Audi boss Rupert Stadler arrested over ‘dieselgate’ scandal
AUDI CEO Rupert Stadler has been arrested in relation to the emissions cheating scandal.
"We confirm that Mr Stadler was arrested this morning. The hearing to determine whether he will be remanded is ongoing," a spokesman for parent company Volkswagen said.
"Mr Stadler is still presumed innocent."
The Munich prosecutors said Mr Stadler's arrest was not made at the behest of US authorities. The executive was arrested at his home in Ingolstadt in the early hours of Monday, they said.
"As part of an investigation into diesel affairs and Audi engines, the Munich prosecutor's office executed an arrest warrant against Mr Professor Rupert Stadler on June 18, 2018," the prosecutor's office said in a statement.
A judge in Germany has ordered Mr Stadler be remanded in custody, it said, to prevent him from obstructing or hindering the diesel investigation. Munich prosecutors searched Mr Stadler's private residence last week in their investigation of suspected fraud and indirect improprieties with documents. A total of 20 people are under suspicion in the probe.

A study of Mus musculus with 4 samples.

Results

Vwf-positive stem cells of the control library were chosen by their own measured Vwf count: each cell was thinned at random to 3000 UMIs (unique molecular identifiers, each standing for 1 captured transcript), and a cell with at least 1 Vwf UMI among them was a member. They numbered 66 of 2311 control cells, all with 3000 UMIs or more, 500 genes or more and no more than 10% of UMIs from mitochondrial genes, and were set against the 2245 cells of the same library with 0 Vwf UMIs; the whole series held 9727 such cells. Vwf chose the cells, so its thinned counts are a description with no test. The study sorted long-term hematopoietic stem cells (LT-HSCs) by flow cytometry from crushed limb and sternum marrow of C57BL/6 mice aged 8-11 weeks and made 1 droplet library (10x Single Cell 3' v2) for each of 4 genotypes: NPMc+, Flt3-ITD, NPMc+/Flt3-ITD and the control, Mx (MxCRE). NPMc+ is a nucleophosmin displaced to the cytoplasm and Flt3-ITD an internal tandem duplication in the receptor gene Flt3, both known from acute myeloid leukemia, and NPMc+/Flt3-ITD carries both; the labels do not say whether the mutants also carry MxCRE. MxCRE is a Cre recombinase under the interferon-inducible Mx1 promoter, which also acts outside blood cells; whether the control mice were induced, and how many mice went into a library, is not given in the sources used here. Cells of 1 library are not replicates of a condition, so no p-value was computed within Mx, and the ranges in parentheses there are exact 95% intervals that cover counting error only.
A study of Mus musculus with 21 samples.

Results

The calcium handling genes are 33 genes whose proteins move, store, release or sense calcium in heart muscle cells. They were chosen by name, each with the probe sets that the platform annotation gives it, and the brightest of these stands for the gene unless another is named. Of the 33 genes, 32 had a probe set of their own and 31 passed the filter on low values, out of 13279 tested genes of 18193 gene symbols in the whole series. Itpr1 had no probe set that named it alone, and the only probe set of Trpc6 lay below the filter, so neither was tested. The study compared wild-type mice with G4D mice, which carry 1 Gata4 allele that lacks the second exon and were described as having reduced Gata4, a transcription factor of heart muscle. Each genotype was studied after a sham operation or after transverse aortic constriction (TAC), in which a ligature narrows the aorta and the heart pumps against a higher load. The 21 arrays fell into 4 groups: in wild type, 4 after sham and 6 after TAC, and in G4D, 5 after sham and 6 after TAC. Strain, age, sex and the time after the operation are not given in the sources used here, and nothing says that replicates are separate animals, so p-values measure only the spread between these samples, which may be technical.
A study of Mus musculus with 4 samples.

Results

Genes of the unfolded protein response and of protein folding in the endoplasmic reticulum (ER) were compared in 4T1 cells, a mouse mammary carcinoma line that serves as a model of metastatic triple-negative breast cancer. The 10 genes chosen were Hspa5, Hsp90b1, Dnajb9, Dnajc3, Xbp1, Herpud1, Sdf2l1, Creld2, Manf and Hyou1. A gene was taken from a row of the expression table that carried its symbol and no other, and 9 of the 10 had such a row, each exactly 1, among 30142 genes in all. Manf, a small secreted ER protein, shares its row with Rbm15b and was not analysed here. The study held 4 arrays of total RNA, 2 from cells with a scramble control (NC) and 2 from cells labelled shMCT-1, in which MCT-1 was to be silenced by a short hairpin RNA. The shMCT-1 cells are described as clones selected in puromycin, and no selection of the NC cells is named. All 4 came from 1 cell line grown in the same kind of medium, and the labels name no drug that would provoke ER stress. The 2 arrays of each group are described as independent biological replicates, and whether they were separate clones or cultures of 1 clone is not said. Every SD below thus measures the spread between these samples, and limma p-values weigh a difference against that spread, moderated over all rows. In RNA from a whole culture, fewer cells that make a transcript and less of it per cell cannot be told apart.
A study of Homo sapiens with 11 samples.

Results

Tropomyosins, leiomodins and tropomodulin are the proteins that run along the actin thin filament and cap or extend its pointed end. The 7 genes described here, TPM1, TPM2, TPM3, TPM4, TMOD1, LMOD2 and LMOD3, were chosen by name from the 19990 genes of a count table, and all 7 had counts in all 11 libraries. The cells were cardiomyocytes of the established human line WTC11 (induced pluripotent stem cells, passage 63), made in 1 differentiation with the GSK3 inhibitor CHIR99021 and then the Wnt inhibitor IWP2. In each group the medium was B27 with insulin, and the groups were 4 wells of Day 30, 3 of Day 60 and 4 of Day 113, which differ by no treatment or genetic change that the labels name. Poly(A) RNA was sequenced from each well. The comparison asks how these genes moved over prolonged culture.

The probe of Stadler focuses on cars sold in Europe that were believed to be equipped with software which turned emissions controls off during regular driving.
Mr Stadler has been under fire since Audi admitted in November 2015 - two months after parent VW - that it also installed illegal "defeat device" software to cheat US emissions tests.
VW has pleaded guilty to criminal charges in the United States. Two managers are serving prison terms in the US.
German news agency dpa reported that prosecutors decided to seek Stadler's arrest due to fears he might try to evade justice. A former head of Audi's engine development unit is already in investigative detention.
Volkswagen has pleaded guilty to criminal charges in the United States and nine managers, including former CEO Martin Winterkorn, were charged there. Two are serving prison terms; Winterkorn and the others remained in Germany and are unlikely to be extradited.
Audi said in a statement last week that it was "co-operating with the authorities" in the probe.
Volkswagen shares were down 2.6 per cent at 157.60 euros in Frankfurt trading.